SAINT-CIRQ LAPOPIE, France — The valley of the Lot River as it wends its way through southwestern France is known for its exceptional natural beauty, picturesque villages and historic chateaux.
Saint-Cirq Lapopie, however, stands out in every sense of the term.
Rising majestically from atop an almost sheer rock bluff, more than 300 feet above the river, the medieval settlement has a commanding view for miles in every direction.
It also stands out in the hearts of the French, who, despite a very wide choice of picture-postcard sites, voted Saint-Cirq Lapopie their favorite village in a nationwide television poll in May.
Having seen off marauding armies and rival fiefs for hundreds of years, Saint-Cirq Lapopie today faces an invasion of a different kind: tourists, drawn by a newfound celebrity that could prove as much of a double-edged sword as those wielded by ancient assailants.
This year the village of slightly more than 200 inhabitants expects about 600,000 visitors and has been forced to draw up a battle plan over how to welcome them, and the income they bring, without losing the ethereal charm that made it popular in the first place.
Mayor Gilles Hardeveld sees nothing but good in the modern-day assault on his village.
"You cannot please everyone, and there will always be those who complain about too many visitors, but we are very lucky to have this heritage. There are villages around us that have nothing, no visitors, even in summer," he said. "Our challenge is to manage the tourists without losing our authenticity."
Even with the benefit of 21st century transportation, Saint-Cirq Lapopie is not easy to reach. The narrow route winds through a bucolic landscape that has barely changed in centuries. Only the tourist buses weaving their way slowly up the road hacked out of the rock belie the era.
The stone buildings of Saint-Cirq Lapopie, 13 of them classified as historic, are built in a cluster on a grid of narrow cobbled streets, barely wide enough for a car and so steep that in places the sharply pointed roof of one cottage is at the same level as the garden fence of the neighboring property. The houses cling precariously to the rocky outcrop as if in danger of sliding down into the river below.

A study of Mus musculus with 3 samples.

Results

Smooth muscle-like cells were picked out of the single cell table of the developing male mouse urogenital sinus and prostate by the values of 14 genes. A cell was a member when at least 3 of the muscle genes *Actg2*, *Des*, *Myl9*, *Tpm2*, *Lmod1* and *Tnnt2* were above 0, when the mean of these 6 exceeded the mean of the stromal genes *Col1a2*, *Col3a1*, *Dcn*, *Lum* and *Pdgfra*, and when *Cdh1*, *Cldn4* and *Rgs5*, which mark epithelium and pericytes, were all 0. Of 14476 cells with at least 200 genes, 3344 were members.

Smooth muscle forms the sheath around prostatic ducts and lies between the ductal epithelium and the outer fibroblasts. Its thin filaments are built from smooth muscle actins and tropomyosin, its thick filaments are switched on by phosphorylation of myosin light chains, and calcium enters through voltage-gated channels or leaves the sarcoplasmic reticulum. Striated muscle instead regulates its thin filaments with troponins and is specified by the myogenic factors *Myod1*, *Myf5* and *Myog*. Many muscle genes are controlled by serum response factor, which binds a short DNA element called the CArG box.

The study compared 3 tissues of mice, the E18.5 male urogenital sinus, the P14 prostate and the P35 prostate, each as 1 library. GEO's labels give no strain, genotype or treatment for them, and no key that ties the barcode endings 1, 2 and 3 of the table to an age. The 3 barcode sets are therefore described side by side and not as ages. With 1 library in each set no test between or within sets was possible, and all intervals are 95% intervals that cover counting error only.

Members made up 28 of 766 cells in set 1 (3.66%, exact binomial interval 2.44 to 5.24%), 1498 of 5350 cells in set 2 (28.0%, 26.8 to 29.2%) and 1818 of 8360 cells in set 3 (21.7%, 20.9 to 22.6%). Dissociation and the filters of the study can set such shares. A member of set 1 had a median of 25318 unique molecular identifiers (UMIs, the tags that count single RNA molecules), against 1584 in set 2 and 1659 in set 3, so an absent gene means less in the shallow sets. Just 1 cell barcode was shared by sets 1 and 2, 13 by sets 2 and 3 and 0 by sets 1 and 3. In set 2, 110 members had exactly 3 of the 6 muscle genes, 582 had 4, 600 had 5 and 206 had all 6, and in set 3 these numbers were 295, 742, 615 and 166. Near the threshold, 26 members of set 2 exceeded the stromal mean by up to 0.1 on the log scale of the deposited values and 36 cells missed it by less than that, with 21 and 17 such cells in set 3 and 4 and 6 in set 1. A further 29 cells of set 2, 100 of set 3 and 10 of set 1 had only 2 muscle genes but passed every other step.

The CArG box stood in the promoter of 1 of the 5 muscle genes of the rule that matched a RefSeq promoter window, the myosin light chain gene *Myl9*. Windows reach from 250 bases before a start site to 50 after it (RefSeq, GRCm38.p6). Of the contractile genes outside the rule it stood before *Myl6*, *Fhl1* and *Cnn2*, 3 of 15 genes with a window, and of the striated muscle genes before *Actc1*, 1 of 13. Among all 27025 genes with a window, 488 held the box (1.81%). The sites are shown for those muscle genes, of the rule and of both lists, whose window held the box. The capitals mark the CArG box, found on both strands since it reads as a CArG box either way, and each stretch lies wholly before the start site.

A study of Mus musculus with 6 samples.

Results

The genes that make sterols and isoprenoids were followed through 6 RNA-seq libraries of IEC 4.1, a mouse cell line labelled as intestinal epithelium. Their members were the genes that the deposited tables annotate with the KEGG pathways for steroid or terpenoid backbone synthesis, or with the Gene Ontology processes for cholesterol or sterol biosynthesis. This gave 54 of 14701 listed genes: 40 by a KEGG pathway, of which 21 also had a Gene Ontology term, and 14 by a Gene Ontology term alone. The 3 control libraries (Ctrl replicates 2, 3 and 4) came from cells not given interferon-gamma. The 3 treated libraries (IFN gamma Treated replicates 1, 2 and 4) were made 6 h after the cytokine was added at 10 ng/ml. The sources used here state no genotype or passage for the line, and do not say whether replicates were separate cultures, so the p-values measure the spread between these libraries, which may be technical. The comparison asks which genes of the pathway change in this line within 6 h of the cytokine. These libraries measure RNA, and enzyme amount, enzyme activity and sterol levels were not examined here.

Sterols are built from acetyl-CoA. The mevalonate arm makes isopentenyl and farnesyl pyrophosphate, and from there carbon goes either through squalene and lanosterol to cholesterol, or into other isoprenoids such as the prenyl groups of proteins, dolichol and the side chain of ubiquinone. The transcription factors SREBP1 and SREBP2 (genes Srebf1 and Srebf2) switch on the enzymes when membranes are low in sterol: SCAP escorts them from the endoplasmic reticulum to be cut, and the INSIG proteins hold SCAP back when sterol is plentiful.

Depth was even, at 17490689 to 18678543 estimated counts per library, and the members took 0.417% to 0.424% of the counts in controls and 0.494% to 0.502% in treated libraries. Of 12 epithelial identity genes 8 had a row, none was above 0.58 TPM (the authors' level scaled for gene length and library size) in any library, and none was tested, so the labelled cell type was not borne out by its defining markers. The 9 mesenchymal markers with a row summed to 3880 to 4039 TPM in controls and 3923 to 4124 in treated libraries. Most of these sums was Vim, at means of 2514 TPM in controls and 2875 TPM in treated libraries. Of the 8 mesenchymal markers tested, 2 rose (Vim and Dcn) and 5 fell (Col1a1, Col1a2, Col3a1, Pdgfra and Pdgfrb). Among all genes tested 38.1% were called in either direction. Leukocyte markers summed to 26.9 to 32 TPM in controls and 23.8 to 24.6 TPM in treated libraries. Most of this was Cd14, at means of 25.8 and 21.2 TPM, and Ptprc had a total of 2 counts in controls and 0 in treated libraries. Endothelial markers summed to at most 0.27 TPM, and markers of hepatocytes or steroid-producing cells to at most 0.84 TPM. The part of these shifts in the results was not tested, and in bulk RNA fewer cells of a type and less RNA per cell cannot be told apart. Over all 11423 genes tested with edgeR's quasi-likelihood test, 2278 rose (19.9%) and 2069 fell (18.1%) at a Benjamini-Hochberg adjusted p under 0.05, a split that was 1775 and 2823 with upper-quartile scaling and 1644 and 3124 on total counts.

There is little evidence of the trimmings of modern life; no telephone cables, satellite dishes, electricity wires, most of which have been buried alongside the ancient foundations or hidden in roof spaces, under eaves or under the roads.
The village's beauty has long made it a favorite with artistic visitors. After World War II, it became a haunt of French Surrealists when Andre Breton, the writer credited with founding the movement, bought a house there.
"Saint-Cirq Lapopie has cast a single enchantment over me. One that has fixed me forever. I no longer wish to be anywhere else," Breton wrote.
Before the latest wave of tourists, Saint-Cirq Lapopie was famous not just for its fortifications but also its wood-turners. Once it had more than 100 of them producing wooden taps for wine and liquor barrels. Today, there is just Patrick Vinel, 56, who learned his trade from his father, who learned it from his father, and so on back five generations of Vinels.
Sitting at his workbench near an old belt-and-pedal lathe, Vinel describes himself as a "Saint-Cirquois de souche" (born and bred). He now turns out gifts for the tourists: miniature chess sets, wooden spinning tops, bowls.
"I've no reason to complain. Why would I? I make my living thanks to the tourists," Vinel said.
On one of his shelves are photographs of the village in winter. The streets and the characteristic flat brown roof tiles of the houses are covered with several inches of snow.
Vinel says the tourists mostly come in July and August.
"In winter, I replenish my stock," he said, waving an arm around the shop. "Where do you think this stuff comes from? It isn't made in Taiwan, you know."
On a scorching hot summer day, the village is packed with tourists, and the restaurants, shops and tourist office overrun. It is still possible to find a corner of tranquillity off the main streets where, away from the crowds, it is like stepping back in time.
Nobody wants to openly voice discontent with the tourist crowds, but there are a lot of anonymous huffing and puffing and oblique allusion to them. "There are people who say enough is enough," said one local woman who did not want to be named.
Virginie Seguin, director of the tourist office, said it normally assists about 800 visitors a day in July and August. This year, after the poll, the number has doubled, sometimes tripled.
"It's been pretty dense, but even with the tourists you can still have a calm walk and lose yourself in the old roads," Seguin said.
"Of course, the locals are attached to their village and there are those who complain there are too many tourists. I respect this, but it's the classic paradox. There are shops and services in the village thanks to the tourists. If there are no tourists, there is no boulangerie to buy bread or restaurants to eat in.
"We are surfing a wave of publicity and notoriety, but the notoriety will fade. It won't be like this every year. The economic situation in France is difficult and we are very lucky."
Mayor Hardeveld says he wants to encourage people to come not only during the summer but insists that the village won't be compromised.
"Besides," he said, "at the end of the day the tourists have gone and we all sleep very peacefully."
Willsher is a special correspondent.